The proposal floats a series of possible steps to defuse the conflict, including a Russian troop pullback from Ukraine.
Russian President Vladimir Putin has said that an initiative presented by African leaders could be a basis for peace in Moscow’s war on Ukraine but claimed that attacks from Kyiv made a cessation of hostilities “virtually impossible”.
The Russian leader made the comments in Moscow on Saturday after meeting leaders from Africa in Saint Petersburg and hearing their calls for Russia to move ahead with their plan.
The proposal, according to the Reuters news agency, floats a series of possible steps to defuse the conflict, including a Russian troop pullback, removal of Russian tactical nuclear weapons from Belarus, suspension of an International Criminal Court (ICC) arrest warrant against Putin and sanctions relief.
Details of the proposal have not been publicised.
“There are things that are virtually impossible to implement, like a ceasefire – but Ukraine is advancing, they’re on a strategic offensive, how do we hold our fire when they’re advancing on us?” Putin told reporters.
“This can only be a bilateral initiative. But the [African] initiative in my opinion can become the foundation of certain processes towards a peaceful resolution, just like China’s initiative, there’s no competition or contradiction here,” he said.
Kyiv, too, has previously poured cold water on the African plan.
The Chinese proposal, unveiled earlier this year, is a 12-point position paper that calls for a de-escalation and eventual ceasefire in Ukraine.
Volodymyr Zelenskyy, the Ukrainian president, has rejected the idea of a ceasefire now, which would leave Russia in control of nearly a fifth of his country and give its forces time to regroup after 17 grinding months of war.
He has also said that peace talks would require Moscow to withdraw its forces from occupied Ukrainian territory, something Russia has said is not negotiable.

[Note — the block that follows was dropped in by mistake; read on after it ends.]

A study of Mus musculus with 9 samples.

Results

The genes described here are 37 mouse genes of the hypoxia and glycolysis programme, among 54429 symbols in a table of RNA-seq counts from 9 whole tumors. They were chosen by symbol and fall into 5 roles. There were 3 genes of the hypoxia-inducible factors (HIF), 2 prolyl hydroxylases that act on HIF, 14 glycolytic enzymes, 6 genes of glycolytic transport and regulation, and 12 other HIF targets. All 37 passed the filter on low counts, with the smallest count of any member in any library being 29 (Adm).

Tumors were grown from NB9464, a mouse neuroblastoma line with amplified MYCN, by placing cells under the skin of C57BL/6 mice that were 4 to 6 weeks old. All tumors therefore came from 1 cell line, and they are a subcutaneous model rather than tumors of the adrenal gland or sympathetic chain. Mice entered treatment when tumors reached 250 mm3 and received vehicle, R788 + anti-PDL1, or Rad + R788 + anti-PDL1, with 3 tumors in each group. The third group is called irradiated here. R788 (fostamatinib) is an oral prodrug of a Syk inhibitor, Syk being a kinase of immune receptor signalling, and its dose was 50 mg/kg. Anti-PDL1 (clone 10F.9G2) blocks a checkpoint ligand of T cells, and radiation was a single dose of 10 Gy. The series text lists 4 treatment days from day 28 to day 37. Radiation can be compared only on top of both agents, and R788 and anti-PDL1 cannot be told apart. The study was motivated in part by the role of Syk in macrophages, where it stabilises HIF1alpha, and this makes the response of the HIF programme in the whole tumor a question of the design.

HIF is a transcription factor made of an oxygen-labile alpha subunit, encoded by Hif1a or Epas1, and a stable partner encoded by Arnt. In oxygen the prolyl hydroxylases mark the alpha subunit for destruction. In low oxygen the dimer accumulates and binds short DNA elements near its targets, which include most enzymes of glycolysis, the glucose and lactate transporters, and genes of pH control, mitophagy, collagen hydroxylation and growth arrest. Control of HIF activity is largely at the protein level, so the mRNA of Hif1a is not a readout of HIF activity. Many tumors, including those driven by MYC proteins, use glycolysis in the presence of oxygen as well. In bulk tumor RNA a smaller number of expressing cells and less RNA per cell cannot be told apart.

Commenting on the subject of peace talks, Putin said, “We did not reject them”, but that “in order for this process to begin, there needs to be agreement on both sides”.
The Russian president also appeared to downplay not attending an economic summit in South Africa’s Johannesburg next month amid the controversy over the ICC arrest warrant, issued over war crimes relating to the abduction of children from Ukraine.
Asked about his reasons for not going, Putin told Russian journalists that he was “in contact with all colleagues” from the bloc of developing economies known as BRICS, and said he did not “think my presence at the BRICS summit is more important that my presence here, in Russia, right now”.
He added that he will take part via video link and Russian Foreign Minister Sergey Lavrov will travel to the August 22-24 gathering, which will bring together leaders from Brazil, Russia, India, China and South Africa.
South Africa is a signatory to the Rome treaty that formed the ICC and is therefore obligated to arrest the Russian leader if he sets foot on South African territory.
South Africa had given strong hints that it would not arrest Putin if he attended but had also been lobbying for him not to come to avoid the problem.
Although Moscow dismissed the warrant, Putin has not travelled to a country that is a signatory to the ICC treaty since his indictment. Analysts have said that the public debate about whether the Russian leader would travel to South Africa was in itself an unwelcome development for the Kremlin.